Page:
12/19/12

Permalink 08:27:00 pm, by Brandon Norgaard Email , 917 words   English (US)
Categories: Freethinking Awakenings

Is Christmas about Jesus?

The traditional reason for the Christmas holiday is to celebrate the birth of Christ. It is true that some of the traditions surrounding this holiday probably have pagan origins that ultimately go back to civilizations before the advent of Christianity. It is also true that many people today celebrate Christmas as a more secular holiday that gives them an opportunity to share time with family, to admire decorations, and to exchange gifts, all the while staying away from religious observances.

While there are many reasons that people throughout the globe celebrate Christmas, the religious connotations of this “most wonderful time of the year” are still quite present in the 21st century in every country where this holiday is celebrated. Because of this, it is relevant to take a critical look at the relation between Christmas and religion. Specifically, who was Jesus Christ and why is he so special? Was he divine? Was he the Son of God?

Most of us know the basics of the story of Jesus of Nazareth as told in the Gospels, which Christians see as the most important part of the Bible. The Gospels tell of Jesus being born to a virgin in a manger and being visited by wise men who gave him valuable gifts. Jesus would later in life begin ministering to crowds of people and healing sick and performing other miracles such as walking on water. He was put on trial by the Roman authorities, and was convicted and executed. The Gospels tell of him rising from the dead and ascending into heaven. Other parts of the New Testament try to make the case that Jesus was the Son of God and is the lord and savior of all humanity.

It is easy to see how anyone who believes that what is written in the Bible is true would want to celebrate the birth of Jesus Christ. It is easy to see how this became one of the two main celebrations of the year among Christians, with the other being a celebration of Jesus' resurrection (Easter). The idea that we people are all saved from our sins is quite powerful. The idea that we owe our salvation to the acts of this man who lived long ago, whose very existence is of course dependent on his being born in the first place, is quite enough to warrant this merry celebration.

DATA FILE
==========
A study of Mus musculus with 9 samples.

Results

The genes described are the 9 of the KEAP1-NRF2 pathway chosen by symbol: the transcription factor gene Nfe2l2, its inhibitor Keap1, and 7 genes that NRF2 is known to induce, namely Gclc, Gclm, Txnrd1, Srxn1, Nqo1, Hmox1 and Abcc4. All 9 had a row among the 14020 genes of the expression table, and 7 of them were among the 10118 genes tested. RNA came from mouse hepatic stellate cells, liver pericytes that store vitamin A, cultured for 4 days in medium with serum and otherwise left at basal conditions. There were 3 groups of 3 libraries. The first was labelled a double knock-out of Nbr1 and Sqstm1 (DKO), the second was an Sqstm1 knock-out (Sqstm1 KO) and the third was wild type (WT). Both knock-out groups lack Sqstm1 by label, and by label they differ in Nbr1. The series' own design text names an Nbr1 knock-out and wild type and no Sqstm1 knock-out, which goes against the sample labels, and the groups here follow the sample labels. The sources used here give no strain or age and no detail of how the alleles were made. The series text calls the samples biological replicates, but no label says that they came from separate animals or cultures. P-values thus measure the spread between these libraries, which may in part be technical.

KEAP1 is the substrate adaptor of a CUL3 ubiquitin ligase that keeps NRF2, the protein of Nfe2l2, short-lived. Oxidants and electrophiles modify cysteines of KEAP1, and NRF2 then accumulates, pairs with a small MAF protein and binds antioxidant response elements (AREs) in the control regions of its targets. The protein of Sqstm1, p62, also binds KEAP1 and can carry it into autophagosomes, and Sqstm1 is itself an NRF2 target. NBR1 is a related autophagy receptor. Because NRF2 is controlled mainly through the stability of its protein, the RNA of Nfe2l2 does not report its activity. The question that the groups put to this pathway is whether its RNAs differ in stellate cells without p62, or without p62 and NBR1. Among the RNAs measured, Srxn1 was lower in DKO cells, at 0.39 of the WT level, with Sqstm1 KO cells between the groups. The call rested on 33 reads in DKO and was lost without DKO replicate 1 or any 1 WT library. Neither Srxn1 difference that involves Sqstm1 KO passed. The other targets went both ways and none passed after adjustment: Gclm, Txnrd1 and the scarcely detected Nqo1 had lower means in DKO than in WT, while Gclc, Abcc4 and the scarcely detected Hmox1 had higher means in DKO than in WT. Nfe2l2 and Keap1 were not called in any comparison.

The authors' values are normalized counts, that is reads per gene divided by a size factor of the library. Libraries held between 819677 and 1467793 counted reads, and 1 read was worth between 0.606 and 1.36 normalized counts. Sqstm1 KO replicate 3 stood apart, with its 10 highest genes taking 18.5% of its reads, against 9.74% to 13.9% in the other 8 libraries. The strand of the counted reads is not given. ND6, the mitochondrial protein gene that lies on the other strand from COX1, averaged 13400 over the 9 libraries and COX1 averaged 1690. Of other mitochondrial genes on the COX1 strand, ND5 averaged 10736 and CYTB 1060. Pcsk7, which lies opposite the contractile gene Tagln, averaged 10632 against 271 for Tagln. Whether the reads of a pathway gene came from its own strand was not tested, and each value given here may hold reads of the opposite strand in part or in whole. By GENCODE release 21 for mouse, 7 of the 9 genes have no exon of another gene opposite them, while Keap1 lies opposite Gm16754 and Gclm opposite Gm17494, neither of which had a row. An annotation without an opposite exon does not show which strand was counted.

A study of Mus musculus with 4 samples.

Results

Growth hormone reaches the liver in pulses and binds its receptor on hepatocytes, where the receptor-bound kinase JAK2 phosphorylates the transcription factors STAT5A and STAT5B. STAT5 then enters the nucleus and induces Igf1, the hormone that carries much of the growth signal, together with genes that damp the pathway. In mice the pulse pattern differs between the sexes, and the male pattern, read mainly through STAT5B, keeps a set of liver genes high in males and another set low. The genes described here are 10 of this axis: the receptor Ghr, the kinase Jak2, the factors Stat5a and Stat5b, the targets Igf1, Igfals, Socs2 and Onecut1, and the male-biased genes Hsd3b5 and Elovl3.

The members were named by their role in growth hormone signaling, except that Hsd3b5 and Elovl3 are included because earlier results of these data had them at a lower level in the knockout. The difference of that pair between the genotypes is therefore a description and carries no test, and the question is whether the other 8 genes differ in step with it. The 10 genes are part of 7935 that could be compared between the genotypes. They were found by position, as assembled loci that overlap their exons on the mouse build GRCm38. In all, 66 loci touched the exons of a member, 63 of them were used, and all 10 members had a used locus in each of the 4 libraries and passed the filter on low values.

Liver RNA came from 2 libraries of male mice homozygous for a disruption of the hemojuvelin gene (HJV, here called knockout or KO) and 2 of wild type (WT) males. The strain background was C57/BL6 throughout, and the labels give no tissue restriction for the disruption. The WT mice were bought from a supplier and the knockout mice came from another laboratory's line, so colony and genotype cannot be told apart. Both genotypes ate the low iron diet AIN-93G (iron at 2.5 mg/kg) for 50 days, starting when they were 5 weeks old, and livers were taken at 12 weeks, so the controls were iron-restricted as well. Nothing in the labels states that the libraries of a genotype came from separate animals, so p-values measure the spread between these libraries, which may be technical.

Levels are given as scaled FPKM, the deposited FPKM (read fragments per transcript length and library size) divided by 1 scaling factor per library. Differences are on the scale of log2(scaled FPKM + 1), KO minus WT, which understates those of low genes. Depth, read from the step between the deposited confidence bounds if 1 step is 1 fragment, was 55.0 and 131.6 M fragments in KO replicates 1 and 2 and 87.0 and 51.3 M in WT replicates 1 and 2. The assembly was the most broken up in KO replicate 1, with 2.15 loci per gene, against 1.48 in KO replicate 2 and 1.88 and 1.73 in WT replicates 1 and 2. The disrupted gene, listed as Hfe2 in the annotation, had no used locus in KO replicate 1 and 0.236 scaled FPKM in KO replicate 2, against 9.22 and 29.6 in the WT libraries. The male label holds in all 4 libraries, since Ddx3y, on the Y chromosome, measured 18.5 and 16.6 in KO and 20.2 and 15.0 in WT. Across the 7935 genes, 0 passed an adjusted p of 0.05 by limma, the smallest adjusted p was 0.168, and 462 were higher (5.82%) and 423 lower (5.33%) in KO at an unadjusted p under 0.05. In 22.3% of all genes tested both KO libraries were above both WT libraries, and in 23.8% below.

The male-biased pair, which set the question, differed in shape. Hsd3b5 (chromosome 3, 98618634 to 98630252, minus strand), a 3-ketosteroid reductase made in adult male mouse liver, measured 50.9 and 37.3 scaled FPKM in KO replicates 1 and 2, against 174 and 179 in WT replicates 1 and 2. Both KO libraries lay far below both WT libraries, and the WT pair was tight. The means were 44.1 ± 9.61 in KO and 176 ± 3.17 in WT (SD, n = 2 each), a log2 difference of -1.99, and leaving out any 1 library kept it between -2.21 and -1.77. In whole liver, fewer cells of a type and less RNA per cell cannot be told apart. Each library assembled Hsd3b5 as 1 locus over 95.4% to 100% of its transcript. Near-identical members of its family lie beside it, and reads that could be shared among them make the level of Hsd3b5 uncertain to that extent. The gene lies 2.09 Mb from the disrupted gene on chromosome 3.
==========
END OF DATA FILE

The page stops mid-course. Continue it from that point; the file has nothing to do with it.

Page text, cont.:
There is a problem, though, that might seem to take away from the joy that surrounds this holiday, and this is the fact that the stories of Jesus, as told in the Bible, do not make sense in our modern 21st century understanding of the world. There are all kinds of holes that a reasonably minded person should be able to see in these stories: virgins cannot become pregnant, the details surrounding Jesus' birth in Bethlehem seem to contradict reliable historical sources of events at this time and place, it is physically impossible for people to perform miracles such as healing the sick at will or walking on water, and it is unfortunately impossible for dead people to rise to life.

Most importantly, there is no single person in history who is the Son of God. I believe we are all God's creation, but nobody living now or in the past has any special connection to God (over and above everyone else). No single person was designated by God as the lord or savior of humanity. Jesus was in purely physical terms no more (or less) than any other human.

This being said, however, there is much wisdom in the sayings of Jesus, as written in the Gospels and there is significant value in hearing his words. Sayings such as “Blessed are they who mourn, for they shall be comforted” and “Blessed are they that hunger and thirst after justice, for they shall have their fill” (Matthew 5:3-10) are inspirational to those who live in difficult times and have brightened the spirits of countless people for centuries. There are many other sayings attributed to Jesus that have positive value as well.

Now, Jesus was not perfect. The Bible also quotes him saying “If anyone comes to me and does not hate father and mother, wife and children, brothers and sisters, even his own life, such a person cannot be my disciple” (Luke 14:26). I was once a Christian and I remember hearing many theories about what Jesus might have meant in saying this. The truth is that this statement is impossible to rationalize and that, unlike many of Jesus' other sayings, there is absolutely no value in taking it to heart. It is difficult for me to even conceive of a more depressing thing to say, to be honest. But this just shows that Jesus was imperfect, as we all are, and said something unwise that he may well have later regretted. It happens to us all.

So it is irrational to hang on every word of Jesus as reported in the Gospels or any other part of the Bible, but there is still much value in the wisdom of Jesus and we can all admire him as a great, yet flawed man. All great men and women are flawed, after all. Though there is no good reason, given our modern understanding of reality, to believe that Jesus was the savior of the world, we can still honor his life on Christmas, along with so many others who have strove to show how we can live a peaceful, joyous, and loving life.